Supernatural: Soul Survivor Review

Some big developments made this episode of Supernatural one to remember as the season goes on. Here's our review...

I think I predicted that within the first three episodes of Supernatural we’d see Dean cured of his demonness. Although the concept itself didn’t come out of the blue, the episode lent itself to some seriously tense moments, important plot developments, and a side of Dean we’ve never really seen before.

I’ll get right into it. Jensen Ackles is scary as Demon Dean. At one point he appears as a lazy, laid-back guy, eyes half shut as if he was bored with the world. The he shifts to a venomous temper, and a low, growling voice that you dare not cross. As Dean lunges at Sam who is trying to administer the cure, his eyes flash black and you again see the monster he has become. But a little jump scare isn’t the only surprise the episode has in store for us.

At the start of the season, we saw Sam willing to go to any lengths to rescue his brother, which includes torturing a demon for information. At the same time we saw Demon Dean carousing with Crowley, filling an order to grab poor Lester’s soul by fulfilling a deal and instead killing the hapless man. We didn’t know how connected these incidents were.

In this episode, the curtain is drawn back, and we see that Sam got his demon informant by tricking Lester to summon the crossroads demon. Sam’s single-minded quest led to this man both selling his soul and losing his life. Demon Dean remarks that he doesn’t know what’s worse, “What I turned into, or what you actually are.” Our boys have gone down progressively darker roads in the pursuit of the hunt, something that will likely catch up on them. Cole the New Hunter, anyone?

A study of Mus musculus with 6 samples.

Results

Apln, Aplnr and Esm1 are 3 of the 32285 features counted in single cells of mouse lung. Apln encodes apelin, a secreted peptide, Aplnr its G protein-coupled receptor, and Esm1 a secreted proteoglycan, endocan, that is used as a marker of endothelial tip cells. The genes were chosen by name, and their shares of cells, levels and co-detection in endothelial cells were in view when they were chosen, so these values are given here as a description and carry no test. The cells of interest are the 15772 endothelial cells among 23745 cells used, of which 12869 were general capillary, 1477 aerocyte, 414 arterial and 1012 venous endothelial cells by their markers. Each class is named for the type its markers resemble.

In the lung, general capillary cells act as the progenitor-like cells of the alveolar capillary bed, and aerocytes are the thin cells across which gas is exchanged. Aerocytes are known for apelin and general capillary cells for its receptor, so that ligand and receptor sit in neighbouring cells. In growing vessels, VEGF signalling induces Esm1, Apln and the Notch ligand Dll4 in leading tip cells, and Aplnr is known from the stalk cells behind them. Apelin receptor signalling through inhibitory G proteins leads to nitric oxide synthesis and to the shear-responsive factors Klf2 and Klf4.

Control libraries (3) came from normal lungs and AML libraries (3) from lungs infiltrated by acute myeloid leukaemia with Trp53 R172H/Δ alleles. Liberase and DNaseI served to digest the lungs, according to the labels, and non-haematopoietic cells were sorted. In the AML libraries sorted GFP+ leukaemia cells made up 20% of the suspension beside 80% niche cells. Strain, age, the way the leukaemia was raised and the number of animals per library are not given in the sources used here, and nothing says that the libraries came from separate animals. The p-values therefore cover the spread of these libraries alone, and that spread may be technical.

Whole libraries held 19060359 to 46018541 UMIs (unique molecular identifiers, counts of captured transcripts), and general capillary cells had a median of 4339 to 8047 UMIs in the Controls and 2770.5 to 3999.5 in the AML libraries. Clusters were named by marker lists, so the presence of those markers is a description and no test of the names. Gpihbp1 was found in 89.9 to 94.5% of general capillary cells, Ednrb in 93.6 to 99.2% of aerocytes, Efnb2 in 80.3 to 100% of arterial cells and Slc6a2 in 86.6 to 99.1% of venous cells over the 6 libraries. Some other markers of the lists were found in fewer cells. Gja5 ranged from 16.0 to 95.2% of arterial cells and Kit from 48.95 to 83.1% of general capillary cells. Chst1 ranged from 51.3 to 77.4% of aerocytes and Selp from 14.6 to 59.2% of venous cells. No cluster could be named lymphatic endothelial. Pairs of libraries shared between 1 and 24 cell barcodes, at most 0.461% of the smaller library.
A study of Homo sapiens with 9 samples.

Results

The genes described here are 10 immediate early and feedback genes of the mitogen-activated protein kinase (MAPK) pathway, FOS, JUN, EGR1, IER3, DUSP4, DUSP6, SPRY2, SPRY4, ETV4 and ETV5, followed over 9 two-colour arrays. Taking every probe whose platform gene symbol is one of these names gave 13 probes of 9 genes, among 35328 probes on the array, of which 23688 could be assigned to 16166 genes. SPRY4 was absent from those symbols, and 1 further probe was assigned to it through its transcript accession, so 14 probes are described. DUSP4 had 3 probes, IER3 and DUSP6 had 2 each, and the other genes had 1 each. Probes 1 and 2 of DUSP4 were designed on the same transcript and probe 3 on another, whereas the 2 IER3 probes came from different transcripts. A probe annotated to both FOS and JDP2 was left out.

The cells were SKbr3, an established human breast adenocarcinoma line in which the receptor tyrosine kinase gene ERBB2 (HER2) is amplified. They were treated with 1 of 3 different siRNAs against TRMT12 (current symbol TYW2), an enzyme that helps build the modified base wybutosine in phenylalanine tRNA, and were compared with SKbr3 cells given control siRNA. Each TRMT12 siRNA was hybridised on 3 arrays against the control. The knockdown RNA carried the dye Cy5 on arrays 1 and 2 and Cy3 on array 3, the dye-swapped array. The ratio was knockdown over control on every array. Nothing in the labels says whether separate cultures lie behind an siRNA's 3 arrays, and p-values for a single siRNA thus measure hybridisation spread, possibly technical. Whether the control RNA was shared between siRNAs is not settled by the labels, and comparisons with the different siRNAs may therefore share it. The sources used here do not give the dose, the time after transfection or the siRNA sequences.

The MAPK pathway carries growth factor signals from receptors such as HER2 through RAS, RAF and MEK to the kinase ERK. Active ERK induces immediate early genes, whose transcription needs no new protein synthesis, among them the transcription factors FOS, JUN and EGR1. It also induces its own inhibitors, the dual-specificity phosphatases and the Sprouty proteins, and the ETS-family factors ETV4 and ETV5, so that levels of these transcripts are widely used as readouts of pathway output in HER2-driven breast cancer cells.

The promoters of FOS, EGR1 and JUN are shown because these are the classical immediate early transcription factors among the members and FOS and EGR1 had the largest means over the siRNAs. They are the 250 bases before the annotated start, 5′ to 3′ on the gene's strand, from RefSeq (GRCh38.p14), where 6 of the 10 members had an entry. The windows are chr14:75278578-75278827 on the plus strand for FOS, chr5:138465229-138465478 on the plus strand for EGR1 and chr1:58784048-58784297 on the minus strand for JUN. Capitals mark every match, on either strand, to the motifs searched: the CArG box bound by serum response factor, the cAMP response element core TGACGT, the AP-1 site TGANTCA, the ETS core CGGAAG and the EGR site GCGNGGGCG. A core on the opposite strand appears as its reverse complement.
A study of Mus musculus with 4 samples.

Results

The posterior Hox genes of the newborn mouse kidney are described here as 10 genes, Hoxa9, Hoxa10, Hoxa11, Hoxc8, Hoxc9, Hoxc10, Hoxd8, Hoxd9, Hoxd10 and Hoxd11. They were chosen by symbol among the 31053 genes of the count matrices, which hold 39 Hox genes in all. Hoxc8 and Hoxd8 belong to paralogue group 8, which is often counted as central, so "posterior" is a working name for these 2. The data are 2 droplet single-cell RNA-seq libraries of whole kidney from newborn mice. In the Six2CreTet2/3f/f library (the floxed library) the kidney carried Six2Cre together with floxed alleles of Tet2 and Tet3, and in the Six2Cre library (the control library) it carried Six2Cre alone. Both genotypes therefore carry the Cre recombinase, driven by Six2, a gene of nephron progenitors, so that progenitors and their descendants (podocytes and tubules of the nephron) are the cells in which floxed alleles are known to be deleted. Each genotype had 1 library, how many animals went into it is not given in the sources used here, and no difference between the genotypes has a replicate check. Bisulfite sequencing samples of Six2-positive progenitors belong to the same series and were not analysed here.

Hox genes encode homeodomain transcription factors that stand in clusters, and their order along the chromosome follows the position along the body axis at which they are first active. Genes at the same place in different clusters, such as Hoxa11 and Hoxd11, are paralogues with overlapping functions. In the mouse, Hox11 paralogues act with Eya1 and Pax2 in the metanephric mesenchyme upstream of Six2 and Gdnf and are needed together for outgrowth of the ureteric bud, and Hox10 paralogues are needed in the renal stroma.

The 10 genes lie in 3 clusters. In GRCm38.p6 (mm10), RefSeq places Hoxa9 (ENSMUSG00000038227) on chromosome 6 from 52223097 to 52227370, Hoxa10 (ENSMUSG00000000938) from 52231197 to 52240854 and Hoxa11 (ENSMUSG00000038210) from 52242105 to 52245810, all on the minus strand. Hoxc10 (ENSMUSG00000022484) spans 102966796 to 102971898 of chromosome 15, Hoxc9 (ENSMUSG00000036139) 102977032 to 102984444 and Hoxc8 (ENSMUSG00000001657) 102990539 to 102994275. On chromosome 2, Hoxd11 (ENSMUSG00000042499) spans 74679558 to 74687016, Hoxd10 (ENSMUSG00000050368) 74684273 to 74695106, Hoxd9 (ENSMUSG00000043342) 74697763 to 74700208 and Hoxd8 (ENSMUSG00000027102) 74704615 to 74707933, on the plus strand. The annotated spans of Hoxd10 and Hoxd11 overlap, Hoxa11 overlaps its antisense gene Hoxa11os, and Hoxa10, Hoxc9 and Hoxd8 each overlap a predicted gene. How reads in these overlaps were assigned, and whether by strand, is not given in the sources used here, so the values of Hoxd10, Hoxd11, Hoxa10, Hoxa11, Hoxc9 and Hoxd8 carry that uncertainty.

Another flip in the episode is when Castiel and Hannah get their angelic asses handed to them by a very PO’d Adina, who if you’ll remember is mad that they accidentally killed Daniel when they were roughing it in the woods. Crowley shows up in the nick of time to steal Adina’s grace for Castiel’s sake.

A delightfully offbeat scene in the episode was on Crowley’s side of things. You get the feeling he’s distinctly bored with how hell is run, even though he’s the boss. He sentences Abaddon supporters to perma-death, citing reasons until he’s too lazy to do so. I’ve said it before, and I’ll say it again: Crowley misses Dean. He’s actually experiencing a sort of depression without his little buddy.

A couple of big developments made this a big episode for the season. Now we’ll have to see how Dean fairs with his continuing Mark of Cain problem, and we didn’t see Cole so we can expect him to show up again. There was also a delightful little teaser at the end of the episode to give us a glimpse at a new fiery-headed baddy credited as “Rowena.” More on her soon, I hope.